CP remains optimistic on the future of crude-by-rail
CP Rail says they remain in discussion with oil producers on securing longer-term volume commitments that could see crude-by-rail volumes increase from the current 56 trains/month to about 80 in the second half of the year.
CP saw a 17% increase in revenues from the transportation of energy products, chemicals and plastics in the first quarter of this year. The company shipped an average of 820 carloads daily in Q1, an 11% increase from the Q1/2017. Although it's still early days in the second quarter, CP is averaging about 885 loads daily, up 23% y/y. Volumes are expected to rise through the rest of this year, but might be held back again by a pending strike of the company's 3,000 locomotive engineers and conductors.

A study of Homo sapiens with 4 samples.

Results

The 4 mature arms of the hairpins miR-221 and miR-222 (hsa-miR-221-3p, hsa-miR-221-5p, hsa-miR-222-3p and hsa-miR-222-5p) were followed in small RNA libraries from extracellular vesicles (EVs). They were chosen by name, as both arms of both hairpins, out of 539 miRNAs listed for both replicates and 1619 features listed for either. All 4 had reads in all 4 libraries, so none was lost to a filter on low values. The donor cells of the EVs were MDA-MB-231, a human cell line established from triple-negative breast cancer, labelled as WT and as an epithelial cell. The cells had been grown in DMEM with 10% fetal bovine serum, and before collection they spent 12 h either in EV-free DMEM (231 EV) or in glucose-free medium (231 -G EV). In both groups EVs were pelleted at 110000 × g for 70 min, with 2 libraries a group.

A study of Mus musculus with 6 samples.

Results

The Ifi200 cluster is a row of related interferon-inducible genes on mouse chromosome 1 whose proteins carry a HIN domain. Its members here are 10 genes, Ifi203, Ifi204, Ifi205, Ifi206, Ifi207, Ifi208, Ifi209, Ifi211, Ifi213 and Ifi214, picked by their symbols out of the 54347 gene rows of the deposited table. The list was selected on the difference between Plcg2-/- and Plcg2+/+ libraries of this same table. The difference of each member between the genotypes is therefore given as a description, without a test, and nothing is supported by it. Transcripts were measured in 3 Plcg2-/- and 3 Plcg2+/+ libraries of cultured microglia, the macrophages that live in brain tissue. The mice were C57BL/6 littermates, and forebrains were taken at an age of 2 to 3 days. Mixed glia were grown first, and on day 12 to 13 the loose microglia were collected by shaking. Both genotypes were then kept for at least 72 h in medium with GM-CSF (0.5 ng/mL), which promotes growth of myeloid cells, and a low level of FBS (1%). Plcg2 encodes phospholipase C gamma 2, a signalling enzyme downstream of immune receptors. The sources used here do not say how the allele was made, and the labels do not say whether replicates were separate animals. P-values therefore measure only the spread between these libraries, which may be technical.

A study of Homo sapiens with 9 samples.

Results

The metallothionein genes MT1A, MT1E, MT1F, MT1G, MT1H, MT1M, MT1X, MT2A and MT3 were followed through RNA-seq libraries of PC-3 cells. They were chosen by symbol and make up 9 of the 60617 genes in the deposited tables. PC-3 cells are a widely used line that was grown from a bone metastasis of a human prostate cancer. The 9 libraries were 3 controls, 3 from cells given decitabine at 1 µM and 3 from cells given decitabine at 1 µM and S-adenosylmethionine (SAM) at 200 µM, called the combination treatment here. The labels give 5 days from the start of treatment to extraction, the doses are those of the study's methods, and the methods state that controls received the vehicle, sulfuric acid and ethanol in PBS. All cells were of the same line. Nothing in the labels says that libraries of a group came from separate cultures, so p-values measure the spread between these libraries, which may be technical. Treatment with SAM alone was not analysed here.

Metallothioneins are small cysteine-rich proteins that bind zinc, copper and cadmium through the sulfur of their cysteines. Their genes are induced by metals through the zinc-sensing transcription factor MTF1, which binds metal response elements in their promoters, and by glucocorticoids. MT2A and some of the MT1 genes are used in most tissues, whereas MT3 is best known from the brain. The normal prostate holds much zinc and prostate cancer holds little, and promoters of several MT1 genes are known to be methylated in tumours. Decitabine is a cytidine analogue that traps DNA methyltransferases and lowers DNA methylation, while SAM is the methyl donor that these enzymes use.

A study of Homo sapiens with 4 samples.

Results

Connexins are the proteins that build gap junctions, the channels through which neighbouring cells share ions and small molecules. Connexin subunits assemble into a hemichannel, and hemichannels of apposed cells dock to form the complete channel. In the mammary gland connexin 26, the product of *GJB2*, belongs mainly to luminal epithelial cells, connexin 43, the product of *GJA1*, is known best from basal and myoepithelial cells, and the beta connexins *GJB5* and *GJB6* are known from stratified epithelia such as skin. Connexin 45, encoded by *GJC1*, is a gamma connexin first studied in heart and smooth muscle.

Crude oil transport makes up about 17% of CP's total shipments for energy, chemicals and plastics. The crude is sourced mostly from Alberta, Saskatchewan and North Dakota for delivery across the country and into the US.
Although crude-by-rail is often maligned for being more expensive and less safe than transport by pipeline, rail has the distinct advantage of being able to reach more customers in almost any corner of the continent, and is not generally subject to the same regulatory scrutiny as pipelines. If shipment is done using insulated rail cars, heavy oil can be shipped with little or no diluent, a significant savings over pipelines where about 30% of volumes are taken up by diluent transport.
Although many have expected a sharp increase in crude shipments by rail given the recent congestion in pipeline transport, the increase has been somewhat muted by rough winter weather and a backlog of grain shipments out of the Prairie provinces. Most of Canada's crude-by-rail exports to the US are destined for the Gulf Coast, with smaller volumes headed to the East Coast and Midwest.